The Department for Digital, Culture, Media & Sport has just published its ambitions in relation to telecoms infrastructure. They want to see 15 million premises connected to ‘full fibre’ by 2025, just 7 years from now, and to achieve national coverage by 2033.
They also want to be a world leader in the next generation of mobile technology 5G, with deployment to the majority of the country by 2027.
Because the Government considers there to be a real opportunity for the UK to become a world leader in digital connectivity.
By ensuring competition and innovation thrive to achieve a telecoms infrastructure that delivers world class connectivity for all.
The challenge should not be underestimated. Let’s take the next generation Fibre to the Premises (FTTP) or ‘full fibre,’: Coverage is only 4% in the UK (it’s not a typo) whereas in South Korea its 99%! So, there is a long way to go to realise the UK’s ‘connectivity’ dream.
A National Plan
The Government’s long term answer is two-fold. Firstly full fibre, and secondly 5G; but it’s not going to be cheap. The estimated level of total investment to bring about national roll-out of full fibre is approximately £30 billion.
To meet it’s ambitious targets, the Government is looking at making changes to regulation and policy to incentivise large scale deployment of new networks in rural and urban areas nationwide. The New Electronic Communications Code (NECC) is an example of this, providing powers to designate areas where no operator has indicated plans to deploy. The NECC will also make it quicker, easier and cheaper to roll out new communications infrastructure.
There are 5 main elements to the Government’s strategy:
Making the cost of deploying fibre networks as low as possible (e.g. 5 years of business rates relief for new fibre investment)
Facilitating market entry through easy access to Openreach’s ducts and poles and other utilities infrastructure
Developing long term regulation
Improving connectivity across all areas of the UK
Introducing a switchover process to support take up of full fibre services. This could be underway in most of the UK by 2030.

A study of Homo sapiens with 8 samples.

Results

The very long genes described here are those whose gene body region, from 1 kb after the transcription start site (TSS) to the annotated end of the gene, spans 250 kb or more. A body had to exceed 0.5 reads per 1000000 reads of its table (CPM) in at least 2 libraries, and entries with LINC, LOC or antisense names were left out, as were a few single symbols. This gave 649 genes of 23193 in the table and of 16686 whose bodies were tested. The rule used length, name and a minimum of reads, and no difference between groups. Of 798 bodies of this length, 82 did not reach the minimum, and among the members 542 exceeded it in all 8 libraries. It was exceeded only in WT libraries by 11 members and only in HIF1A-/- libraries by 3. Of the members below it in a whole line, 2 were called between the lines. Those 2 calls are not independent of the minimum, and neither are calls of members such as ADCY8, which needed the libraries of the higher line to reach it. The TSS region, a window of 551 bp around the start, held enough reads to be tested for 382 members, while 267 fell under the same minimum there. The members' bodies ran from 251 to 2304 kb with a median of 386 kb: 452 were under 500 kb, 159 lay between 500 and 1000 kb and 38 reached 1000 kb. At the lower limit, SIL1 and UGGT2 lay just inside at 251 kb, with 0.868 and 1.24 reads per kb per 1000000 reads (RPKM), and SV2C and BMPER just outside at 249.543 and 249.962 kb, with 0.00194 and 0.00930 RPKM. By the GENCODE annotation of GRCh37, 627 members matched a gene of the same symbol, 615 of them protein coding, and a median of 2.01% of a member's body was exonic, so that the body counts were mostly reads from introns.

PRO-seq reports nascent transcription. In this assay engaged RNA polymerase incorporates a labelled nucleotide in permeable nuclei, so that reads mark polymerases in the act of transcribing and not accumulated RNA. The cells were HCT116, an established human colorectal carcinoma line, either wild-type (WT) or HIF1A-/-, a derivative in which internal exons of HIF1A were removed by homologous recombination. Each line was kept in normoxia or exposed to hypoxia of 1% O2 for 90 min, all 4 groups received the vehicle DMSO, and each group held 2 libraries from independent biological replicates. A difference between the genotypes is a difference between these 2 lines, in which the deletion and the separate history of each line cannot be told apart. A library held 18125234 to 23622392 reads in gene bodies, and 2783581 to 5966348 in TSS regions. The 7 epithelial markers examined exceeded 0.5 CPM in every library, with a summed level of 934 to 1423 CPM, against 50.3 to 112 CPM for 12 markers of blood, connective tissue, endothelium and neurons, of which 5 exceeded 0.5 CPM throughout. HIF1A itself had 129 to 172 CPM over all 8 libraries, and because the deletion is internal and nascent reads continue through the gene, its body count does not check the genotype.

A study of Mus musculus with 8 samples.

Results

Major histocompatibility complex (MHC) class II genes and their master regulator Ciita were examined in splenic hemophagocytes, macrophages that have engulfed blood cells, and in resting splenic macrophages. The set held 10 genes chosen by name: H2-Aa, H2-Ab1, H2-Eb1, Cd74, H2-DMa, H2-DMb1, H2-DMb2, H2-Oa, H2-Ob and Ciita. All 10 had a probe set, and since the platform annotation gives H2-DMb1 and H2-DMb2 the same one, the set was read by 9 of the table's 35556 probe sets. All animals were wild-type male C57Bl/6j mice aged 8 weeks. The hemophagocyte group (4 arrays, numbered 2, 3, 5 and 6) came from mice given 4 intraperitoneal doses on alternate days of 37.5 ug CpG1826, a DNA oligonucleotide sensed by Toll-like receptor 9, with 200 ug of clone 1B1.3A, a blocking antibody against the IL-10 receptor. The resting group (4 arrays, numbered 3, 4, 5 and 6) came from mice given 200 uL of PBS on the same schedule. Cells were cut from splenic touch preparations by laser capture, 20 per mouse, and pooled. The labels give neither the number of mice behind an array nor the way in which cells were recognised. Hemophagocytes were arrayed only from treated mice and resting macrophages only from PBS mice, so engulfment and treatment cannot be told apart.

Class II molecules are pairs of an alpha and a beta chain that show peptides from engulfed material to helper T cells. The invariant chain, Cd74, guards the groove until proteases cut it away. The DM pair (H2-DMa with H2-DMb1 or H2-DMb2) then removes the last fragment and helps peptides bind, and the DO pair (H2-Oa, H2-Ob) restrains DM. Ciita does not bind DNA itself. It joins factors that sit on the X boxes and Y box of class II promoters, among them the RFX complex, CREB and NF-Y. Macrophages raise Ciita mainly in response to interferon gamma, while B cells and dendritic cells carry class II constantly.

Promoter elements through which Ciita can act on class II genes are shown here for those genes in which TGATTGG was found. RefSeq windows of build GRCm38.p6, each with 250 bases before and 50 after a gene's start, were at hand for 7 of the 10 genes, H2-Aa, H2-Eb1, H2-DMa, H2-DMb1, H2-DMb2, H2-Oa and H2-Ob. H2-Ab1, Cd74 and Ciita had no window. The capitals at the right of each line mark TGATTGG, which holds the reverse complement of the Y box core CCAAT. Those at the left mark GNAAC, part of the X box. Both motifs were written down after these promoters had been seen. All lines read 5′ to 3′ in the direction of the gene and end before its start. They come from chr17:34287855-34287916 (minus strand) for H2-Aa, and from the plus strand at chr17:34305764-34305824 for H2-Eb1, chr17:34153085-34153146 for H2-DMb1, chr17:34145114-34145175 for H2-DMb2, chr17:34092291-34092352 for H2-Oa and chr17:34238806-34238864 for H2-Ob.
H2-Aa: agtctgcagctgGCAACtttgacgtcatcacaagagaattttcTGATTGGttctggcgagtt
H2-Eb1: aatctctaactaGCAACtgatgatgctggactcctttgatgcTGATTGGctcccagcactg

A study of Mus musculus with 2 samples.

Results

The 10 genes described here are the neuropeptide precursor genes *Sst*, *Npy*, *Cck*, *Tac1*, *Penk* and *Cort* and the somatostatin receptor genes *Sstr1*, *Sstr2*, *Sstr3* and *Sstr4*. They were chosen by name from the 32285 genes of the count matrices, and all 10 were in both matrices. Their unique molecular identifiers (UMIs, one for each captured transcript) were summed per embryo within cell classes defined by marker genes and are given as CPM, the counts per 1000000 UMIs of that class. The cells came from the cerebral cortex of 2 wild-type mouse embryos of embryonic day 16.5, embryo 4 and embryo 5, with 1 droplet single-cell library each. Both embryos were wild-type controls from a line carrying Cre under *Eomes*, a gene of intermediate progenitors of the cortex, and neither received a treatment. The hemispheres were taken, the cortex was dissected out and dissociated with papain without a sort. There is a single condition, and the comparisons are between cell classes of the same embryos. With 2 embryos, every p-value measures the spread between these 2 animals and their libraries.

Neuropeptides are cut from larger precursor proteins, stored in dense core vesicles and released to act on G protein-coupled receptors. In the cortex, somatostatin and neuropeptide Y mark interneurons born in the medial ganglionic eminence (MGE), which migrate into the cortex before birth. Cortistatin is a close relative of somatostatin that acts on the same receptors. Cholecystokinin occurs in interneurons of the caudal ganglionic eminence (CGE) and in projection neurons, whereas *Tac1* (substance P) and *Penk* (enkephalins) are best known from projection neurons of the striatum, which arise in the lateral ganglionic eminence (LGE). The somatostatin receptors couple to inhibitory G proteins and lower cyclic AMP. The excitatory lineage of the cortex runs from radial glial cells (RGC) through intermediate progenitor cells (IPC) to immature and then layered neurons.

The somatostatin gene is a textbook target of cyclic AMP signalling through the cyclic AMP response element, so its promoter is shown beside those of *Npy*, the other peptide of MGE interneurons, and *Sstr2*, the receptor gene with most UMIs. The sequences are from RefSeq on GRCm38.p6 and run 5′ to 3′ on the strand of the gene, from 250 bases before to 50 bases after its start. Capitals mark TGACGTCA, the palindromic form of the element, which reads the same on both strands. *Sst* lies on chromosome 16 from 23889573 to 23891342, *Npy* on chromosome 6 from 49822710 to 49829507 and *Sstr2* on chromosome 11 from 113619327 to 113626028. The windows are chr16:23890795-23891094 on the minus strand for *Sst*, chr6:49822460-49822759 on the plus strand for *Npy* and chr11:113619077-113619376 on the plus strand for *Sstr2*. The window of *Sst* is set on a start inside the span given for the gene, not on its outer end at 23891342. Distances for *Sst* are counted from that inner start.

Other improvement measures
The Government is also looking at simplifying wayleave agreements for multi-dwelling units, standardising the approach around street works and ensuring new builds benefit from full fibre technology which equates to lots of opportunity for UK businesses. Also, the biggest expense incurred when deploying a network is typically the costs of civil works in laying passive infrastructure like ducts and poles. Duct and Pole Access (DPA) allowing sharing of Openreach’s duct and pole infrastructure, should help drive investment in new networks, particularly when complemented by infrastructure owned by other utilities such as Water and Gas. As a result the Government is due to consider improvements to the Communications (Access to Infrastructure) Regulations 2016 to facilitate greater access.
It’s also about 5G
Mobile coverage has significantly increased in recent years and 87% of the UK currently has 4G coverage, which the Government has committed to increase to 95% by 2022 in order to address so called ‘not spots.’ Again, this was a driver for the introduction of the NECC.
5G is likely to see greater deployment of small cells to provide extra capacity in specific locations such as sports venues and high streets. Neutral host infrastructure and new private networks are likely to co-exist with existing national networks supported by the release of additional spectrum.
The Government considers leading in 5G as a critical driver for improved connectivity, setting a target to achieve 5G coverage for the majority of the population by 2027.
5G will deliver faster and better mobile broadband for everyone regardless of who you are and where you live. We simply all benefit if the UK climbs the connectivity table and ultimately becomes a world leader in digital infrastructure.